Often Donna Connolly hears her workshop students gasp when she picks up a sharp instrument to give plants the haircut of their lives.
Off come the hot pink flowers of the bouganvilla. Gone are the ruffled fuchsia blossoms.
"You can't hurt it," said Connolly, a grower at Lockwood's Greenhouses. "I haven't found any plant that doesn't grow on new foliage."
When she's finished, the plants will be 12 inches high, nearly devoid of foliage or flower, ready for a well-deserved rest.
This is the perfect time for gardeners to follow her lead, if they want to over-winter plants, either by monitoring them during their dormancy -- as can be done with the bouganvilla and fuchsia -- or by taking cuttings or storing bulbs in the basement.
While there are no guarantees of success, neither is there a big investment of time or trouble.
And when it works, there are rewards. For one, there's the prospect of saving money; wouldn't it be great not to have to replace those hanging fuchsia baskets each year?
Besides that, it's possible to preserve the plant that was the star of this year's garden, realizing that it might not show up at the nursery next year.
In fact, that's why master gardener Francis Evans has kept his geraniums going, some for as long as 10 years.
"I've got a variety I prefer so that's why I recycle," said Evans, who takes cuttings from the "mother plant" and puts them under his basement shop lights, with a timer. He also keeps plants in either a south or west facing window.
"Unless you are counting on reflection from the snow," he said, "you don't put them in a north window."
Another geranium-saving system is to cut the foliage down, shake the roots off and place what's left in a paper bag or towel on a basement window ledge until spring. Sometimes, for some gardeners, it works.
"I hear it works, though I haven't tried it," said Teresa Mazikowski, a gardener at the Buffalo and Erie County Botanical Gardens. "I think you have to draw a map of the basement so you can remember where everything is."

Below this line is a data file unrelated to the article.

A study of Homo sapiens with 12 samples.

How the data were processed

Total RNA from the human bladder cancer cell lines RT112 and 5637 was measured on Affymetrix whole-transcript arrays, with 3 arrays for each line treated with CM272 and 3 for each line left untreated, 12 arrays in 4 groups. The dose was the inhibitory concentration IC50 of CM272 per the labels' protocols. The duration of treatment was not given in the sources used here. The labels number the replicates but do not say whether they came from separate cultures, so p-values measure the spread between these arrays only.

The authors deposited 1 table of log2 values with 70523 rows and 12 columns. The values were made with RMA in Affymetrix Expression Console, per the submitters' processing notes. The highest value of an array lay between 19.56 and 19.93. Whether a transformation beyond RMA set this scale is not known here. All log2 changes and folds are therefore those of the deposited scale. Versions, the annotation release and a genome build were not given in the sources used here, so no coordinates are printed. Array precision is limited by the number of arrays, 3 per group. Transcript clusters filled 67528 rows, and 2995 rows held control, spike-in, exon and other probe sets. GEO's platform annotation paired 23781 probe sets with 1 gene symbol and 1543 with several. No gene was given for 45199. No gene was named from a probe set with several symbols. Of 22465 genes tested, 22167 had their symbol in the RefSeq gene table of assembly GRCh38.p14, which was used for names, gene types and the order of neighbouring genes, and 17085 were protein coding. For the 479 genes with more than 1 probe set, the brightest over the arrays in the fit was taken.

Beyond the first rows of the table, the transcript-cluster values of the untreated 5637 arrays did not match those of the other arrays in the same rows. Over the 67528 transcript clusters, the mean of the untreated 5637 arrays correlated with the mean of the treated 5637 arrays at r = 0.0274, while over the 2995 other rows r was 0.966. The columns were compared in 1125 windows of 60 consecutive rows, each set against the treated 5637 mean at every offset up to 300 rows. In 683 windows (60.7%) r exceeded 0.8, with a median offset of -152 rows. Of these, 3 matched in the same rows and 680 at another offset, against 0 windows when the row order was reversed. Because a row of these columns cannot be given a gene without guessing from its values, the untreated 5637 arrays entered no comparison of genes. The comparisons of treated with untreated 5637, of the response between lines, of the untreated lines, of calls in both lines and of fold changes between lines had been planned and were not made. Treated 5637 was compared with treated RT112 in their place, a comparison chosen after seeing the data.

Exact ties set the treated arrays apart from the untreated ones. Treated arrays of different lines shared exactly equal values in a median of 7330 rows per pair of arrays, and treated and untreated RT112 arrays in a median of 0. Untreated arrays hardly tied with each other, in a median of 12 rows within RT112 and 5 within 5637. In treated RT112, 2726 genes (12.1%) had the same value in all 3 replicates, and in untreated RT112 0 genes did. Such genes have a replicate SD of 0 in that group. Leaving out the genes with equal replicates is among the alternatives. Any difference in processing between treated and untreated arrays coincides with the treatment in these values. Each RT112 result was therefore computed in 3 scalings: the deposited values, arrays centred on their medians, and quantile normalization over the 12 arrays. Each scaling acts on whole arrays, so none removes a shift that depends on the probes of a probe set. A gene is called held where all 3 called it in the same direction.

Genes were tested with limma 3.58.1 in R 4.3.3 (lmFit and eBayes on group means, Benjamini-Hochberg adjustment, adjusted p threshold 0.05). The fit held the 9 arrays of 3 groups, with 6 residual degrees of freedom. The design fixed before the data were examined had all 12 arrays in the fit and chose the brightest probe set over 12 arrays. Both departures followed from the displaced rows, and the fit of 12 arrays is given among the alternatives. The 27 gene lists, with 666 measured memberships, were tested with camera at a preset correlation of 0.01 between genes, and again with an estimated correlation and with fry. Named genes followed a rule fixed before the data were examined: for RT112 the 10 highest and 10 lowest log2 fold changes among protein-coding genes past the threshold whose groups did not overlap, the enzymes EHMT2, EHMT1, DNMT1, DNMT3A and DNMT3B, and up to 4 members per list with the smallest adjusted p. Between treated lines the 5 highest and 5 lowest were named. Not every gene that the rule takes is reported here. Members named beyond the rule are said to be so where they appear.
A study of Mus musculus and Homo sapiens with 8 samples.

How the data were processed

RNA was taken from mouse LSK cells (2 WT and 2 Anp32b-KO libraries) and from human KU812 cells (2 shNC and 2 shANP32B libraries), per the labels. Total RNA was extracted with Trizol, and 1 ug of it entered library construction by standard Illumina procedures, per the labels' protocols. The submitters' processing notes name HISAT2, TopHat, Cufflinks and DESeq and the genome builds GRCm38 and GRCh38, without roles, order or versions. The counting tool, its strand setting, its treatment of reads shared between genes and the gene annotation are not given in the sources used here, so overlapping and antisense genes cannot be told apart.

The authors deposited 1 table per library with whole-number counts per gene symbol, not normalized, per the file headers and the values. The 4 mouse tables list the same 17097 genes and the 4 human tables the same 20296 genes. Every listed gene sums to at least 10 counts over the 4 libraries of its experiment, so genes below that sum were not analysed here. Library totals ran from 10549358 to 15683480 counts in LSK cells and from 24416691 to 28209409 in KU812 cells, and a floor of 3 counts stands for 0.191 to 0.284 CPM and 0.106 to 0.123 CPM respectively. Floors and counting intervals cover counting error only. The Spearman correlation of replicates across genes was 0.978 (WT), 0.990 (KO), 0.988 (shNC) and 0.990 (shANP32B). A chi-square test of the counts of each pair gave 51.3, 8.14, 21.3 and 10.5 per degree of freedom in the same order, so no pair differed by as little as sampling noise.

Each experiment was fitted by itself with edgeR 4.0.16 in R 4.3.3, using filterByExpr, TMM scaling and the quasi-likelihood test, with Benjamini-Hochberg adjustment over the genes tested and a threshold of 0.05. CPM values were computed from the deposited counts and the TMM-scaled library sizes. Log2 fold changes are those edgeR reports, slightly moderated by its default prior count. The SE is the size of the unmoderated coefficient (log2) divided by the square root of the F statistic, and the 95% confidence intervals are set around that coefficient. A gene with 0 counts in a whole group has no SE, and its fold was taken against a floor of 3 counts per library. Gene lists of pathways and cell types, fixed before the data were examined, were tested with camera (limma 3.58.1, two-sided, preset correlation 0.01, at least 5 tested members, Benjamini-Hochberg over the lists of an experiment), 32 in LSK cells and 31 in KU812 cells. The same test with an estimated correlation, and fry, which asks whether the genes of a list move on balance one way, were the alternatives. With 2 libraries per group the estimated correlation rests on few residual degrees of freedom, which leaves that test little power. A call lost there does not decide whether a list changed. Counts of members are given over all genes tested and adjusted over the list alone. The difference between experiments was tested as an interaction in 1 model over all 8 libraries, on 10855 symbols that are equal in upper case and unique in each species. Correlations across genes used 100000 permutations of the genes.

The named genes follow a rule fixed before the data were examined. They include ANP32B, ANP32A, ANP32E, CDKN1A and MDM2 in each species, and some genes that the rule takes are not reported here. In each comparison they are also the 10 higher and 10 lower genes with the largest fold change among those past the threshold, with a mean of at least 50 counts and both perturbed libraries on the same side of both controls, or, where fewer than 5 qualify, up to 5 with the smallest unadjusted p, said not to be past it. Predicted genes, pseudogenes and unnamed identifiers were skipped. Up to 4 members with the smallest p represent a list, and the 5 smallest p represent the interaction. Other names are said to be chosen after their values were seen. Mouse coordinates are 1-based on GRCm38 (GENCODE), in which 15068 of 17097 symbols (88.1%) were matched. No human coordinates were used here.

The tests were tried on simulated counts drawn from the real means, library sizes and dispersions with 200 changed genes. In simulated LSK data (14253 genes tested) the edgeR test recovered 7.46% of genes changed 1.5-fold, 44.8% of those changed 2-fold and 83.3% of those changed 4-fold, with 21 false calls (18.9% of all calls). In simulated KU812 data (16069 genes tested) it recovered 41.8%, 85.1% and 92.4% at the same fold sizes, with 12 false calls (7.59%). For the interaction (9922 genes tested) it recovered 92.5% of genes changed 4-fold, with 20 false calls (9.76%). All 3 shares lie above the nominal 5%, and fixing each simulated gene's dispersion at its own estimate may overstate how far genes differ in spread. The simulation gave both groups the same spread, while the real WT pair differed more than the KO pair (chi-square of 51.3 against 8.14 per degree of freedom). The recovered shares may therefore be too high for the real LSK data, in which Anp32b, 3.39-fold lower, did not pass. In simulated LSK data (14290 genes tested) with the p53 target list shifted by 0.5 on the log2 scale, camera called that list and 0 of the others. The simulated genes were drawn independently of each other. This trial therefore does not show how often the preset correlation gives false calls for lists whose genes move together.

One of her triumphs is keeping a fuchsia going for three years, in the same pot, in the same soil.
"After I cut it down, I'll give it a good watering and then throw it in the basement," she said. "In the spring I start watering it and give it a bit of fertilizer. With any luck you get a new plant and it comes back even hardier."
One of the easiest plants to root, she said, is coleus, admired for its striking foliage.
"You can chop the whole plant down," said Mazikowski. Cuttings can go right into water-filled glass containers until they root and then be transplanted. If you want, they can be potted up immediately in some growing medium, with a boost of rooting hormone.
Even exotic and tropical plants, accustomed to more heat and light than they could ever get in this locale, can be kept over in the right conditions, said Connolly.
Mandevilla and passionflower, for example, are plants that some manage to keep alive through the winter here. First, they get those much-needed haircuts, then they're placed in a cool spot (50 to 60 degrees), with light.
"You want to keep them alive, but dormant," said Connolly, who adds that they should be watered enough to keep the roots barely moist.
Bulbs, often planted in the spring and forgotten by the fall, can be lifted now and brought in. Caladiums, grown for their showy tropical foliage, should be taken in before the first frost and allowed to dry in a warm spot, in their pot. When the foliage has dried and died, it should be removed before the bulbs are placed in peat moss to be stored at temperatures of 50 to 60 degrees.
Before anything comes into the house, experts say, it should be decontaminated. Evans said he hits his plants with a jet from the hose.
"That will knock off 95 percent of the pests," said Evans, who has become particularly careful about bringing greenery indoors. "You want to make certain that you aren't dragging in any fellow travelers," he said. "A couple of times I had to wipe out all the plants in my house."
After the hosing, he treats the plants with insecticide, at least twice, and checks them for spider mites, aphids and other pests, keeping them in "quarantine" for a week after he brings them in.
While commercial insecticides are availble, Mazikowski said a homemade mixture of one to two tablespoons of liquid soap in a quart of water also works well. Besides spraying the leaves, she waters the soil to kill any eggs, she said, applying the spray two or three times before bringing them in and then giving the plant another treatment a month later.
Even though expert gardeners use these techniques, along with heated grates, large-paned windows and misting machines to simulate the plant's desired environment, even they don't always succeed. Let's face it -- we are trying to make a passionflower believe that it's growing wild in the sandy soil of the Andes Mountains, rather than in a bedroom in Western New York.
So, not every plant will thrive and survive in these contrived conditions.
"But what do you have to lose?" said Mazikowski, who admits that she can't bear to toss a plant out.
She also realizes that for some, it's too much bother.
But for others, keeping a plant -- and their hopes -- alive is its own reward, until they can be in the garden again.